Humans are creatures of habit, and nowhere else is this more demonstrated than in our homes. Any of us who have ever had to move house would know that it is hard to let go, especially if moving out of a comfort zone we have spent a significant portion of our lives cultivating.
These portions of our lives are long: according to data from a 2007-08 Australian Bureau of Statistics (ABS) survey on Income and Housing, 27 percent of people aged 15 years and over had been living in their current home for 15 years or more, with another 30 percent having lived in their current home for 5 to 14 years. Forty-three percent had moved house at least once in the last five years.
The types of people moving are mixed, from millennials moving into their first apartment away from their parents through to young couples buying a bigger, newer home as they wait for their first baby. While we often associate moving with the idea of more space, for some moving is all about downsizing.
Sam Carter, a real estate agent who specialises in helping clients downsize, said people choose to downsize due to a mixture of financial, societal, and emotional factors.
The kids have moved on
Downsizing is, of course, most often associated with retirees whose children have flown the coop.
“Kids get older, they get married, they move out, leaving the parents with a big, empty house,” Carter said.
He said it’s not uncommon for elderly or retired homeowners to sell their family properties and move into something smaller and more suited to their individual needs, leaving their large, hard to maintain gardens and two car driveways for something more modest and affordable on a retiree’s income. According to Carter, the most common reason for a downsize among older homeowners is the fact that the house is becoming too difficult to maintain when children leave.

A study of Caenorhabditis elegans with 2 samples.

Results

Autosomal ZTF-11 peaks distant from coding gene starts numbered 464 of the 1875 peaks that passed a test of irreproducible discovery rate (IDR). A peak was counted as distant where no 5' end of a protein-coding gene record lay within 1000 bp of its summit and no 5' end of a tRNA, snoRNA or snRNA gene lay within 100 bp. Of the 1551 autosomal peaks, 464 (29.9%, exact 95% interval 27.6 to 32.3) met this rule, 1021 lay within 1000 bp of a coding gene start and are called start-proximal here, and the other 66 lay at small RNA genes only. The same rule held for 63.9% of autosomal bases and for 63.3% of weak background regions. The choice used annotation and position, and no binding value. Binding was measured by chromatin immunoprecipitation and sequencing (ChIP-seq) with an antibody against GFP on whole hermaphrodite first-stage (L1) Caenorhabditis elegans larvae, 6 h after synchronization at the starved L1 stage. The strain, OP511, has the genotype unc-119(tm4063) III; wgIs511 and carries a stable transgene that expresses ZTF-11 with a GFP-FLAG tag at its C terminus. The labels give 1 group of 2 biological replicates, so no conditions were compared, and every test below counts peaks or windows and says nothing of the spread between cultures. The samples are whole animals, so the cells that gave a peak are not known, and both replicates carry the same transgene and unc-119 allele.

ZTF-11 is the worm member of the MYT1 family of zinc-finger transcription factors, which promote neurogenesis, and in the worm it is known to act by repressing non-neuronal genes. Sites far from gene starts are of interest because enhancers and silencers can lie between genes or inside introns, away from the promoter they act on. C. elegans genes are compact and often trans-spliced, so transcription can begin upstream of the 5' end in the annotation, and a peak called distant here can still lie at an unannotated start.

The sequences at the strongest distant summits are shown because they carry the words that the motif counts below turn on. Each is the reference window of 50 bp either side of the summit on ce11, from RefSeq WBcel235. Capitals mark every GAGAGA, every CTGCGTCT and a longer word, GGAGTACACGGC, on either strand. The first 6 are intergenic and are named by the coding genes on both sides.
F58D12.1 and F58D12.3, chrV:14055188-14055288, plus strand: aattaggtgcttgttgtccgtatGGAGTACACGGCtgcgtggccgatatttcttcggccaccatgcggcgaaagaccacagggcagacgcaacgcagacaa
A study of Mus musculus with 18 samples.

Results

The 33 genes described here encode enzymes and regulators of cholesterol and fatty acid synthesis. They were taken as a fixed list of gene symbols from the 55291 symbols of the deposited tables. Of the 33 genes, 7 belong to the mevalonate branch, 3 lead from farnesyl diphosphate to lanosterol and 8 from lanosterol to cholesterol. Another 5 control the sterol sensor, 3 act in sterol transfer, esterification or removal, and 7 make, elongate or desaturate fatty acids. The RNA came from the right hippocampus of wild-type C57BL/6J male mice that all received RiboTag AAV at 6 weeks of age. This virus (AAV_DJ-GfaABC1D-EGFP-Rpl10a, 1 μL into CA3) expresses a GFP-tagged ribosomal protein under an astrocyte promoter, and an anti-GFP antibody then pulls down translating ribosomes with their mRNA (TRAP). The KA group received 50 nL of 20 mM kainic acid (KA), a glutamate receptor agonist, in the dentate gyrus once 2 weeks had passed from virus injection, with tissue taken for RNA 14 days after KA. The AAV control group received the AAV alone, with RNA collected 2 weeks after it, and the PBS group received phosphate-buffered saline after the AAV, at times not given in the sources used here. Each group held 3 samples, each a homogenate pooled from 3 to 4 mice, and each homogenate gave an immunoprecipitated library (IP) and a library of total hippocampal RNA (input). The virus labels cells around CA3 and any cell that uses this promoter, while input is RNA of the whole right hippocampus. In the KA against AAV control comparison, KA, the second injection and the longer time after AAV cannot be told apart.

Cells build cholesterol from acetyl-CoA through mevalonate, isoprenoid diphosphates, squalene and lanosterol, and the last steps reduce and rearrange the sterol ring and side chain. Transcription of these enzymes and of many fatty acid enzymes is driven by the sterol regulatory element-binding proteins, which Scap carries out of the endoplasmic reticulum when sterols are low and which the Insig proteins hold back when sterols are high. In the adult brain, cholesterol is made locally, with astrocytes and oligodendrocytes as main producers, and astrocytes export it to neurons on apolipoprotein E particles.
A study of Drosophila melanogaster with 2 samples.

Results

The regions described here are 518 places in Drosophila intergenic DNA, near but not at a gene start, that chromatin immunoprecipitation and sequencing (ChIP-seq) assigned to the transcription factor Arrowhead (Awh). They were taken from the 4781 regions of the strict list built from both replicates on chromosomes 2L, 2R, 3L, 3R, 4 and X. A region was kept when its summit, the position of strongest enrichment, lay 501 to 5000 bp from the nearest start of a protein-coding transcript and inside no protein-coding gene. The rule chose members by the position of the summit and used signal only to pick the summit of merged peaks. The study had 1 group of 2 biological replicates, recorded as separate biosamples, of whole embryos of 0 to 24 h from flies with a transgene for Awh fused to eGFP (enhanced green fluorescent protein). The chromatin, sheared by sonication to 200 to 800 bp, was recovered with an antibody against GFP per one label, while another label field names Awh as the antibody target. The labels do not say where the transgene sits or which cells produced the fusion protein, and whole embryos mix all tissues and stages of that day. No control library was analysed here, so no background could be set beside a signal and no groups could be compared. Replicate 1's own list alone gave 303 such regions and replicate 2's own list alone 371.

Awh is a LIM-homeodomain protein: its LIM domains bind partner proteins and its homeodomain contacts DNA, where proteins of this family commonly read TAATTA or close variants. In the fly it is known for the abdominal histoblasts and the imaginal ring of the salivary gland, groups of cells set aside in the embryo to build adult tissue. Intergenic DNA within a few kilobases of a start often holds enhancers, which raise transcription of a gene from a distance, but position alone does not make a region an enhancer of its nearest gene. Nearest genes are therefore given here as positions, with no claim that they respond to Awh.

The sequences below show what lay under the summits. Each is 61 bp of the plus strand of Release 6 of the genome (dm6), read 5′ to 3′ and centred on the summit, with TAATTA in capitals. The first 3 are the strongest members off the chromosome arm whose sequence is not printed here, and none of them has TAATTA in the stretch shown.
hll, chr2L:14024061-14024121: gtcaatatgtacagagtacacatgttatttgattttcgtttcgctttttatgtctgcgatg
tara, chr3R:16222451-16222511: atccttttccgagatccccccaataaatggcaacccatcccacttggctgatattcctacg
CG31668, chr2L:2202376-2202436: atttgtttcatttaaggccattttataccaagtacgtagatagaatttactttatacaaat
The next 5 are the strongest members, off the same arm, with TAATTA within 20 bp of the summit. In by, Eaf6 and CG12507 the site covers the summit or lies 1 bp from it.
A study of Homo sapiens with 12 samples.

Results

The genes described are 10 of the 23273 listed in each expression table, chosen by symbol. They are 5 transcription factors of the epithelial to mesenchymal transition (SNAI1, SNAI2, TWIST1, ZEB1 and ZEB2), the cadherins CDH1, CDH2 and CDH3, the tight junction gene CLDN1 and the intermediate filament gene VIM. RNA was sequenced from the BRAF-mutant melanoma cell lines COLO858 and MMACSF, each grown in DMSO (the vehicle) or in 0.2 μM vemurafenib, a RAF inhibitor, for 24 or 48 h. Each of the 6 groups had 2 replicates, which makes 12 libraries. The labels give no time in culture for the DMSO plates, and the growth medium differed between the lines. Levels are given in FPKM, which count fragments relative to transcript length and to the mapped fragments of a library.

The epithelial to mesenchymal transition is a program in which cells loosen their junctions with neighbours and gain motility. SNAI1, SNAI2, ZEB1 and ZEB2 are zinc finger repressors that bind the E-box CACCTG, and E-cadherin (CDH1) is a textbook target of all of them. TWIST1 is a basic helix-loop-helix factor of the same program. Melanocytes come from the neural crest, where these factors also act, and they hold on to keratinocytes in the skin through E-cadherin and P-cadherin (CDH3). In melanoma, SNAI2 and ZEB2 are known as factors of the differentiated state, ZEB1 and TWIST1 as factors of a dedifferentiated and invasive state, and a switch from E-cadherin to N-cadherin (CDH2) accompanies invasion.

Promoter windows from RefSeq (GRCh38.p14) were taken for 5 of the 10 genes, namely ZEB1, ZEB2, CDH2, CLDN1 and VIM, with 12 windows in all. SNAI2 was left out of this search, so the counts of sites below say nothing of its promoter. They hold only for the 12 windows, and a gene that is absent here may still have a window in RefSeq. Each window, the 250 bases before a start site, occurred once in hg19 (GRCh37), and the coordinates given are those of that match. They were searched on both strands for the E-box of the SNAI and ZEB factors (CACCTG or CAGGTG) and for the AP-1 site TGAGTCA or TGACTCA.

Downsizing to a smaller property is cheaper
Carter said another aspect of downsizing that appeals to retired homeowners as well as younger people is that it can be an excellent way to decrease one’s cost of living.
You might have a number of expenses in other areas, but if a large mortgage or weekly rent usually takes up the bulk of your income, your property is unaffordable - financial experts have found that if you are handing over more than 30 percent of your income to a mortgage then you are in mortgage stress. According to data released last December, many Australians are facing this problem, with the average homeowner handing over 31.7 percent of their median weekly family income to the bank.
Given we pay for space, moving to a smaller property means a smaller mortgage or rent.
“Sometimes it's a financial decision,” Carter said. “Maybe you can’t stay in a certain house anymore and have to move to somewhere more in your price range.”
Carter said that selling a house in favour of renting a smaller property, perhaps even in a cheaper area, can have a positive financial impact and in turn, financial and emotional stability. Mortgage stress doesn’t just mean your bank balance is stressed, it means you may be too, worried about how you can afford to pay back your loan as well as all your other expenses. Downsizing can significantly help one’s peace of mind.
You just need something new
According to Carter, some people want to downsize because they just need a change, whether prompted by a their job or a simple desire for a change of scenery.
“A lot of people have to move for work...some just need a change,” he said.
Carter explained that for some, a change of scenery is often welcome after living in the same place for an extended period of time, while some downsize so they can buy a smaller property closer to their place of work - often closer to the CBD - providing more convenience as well as an opportunity to explore and get to know a new area.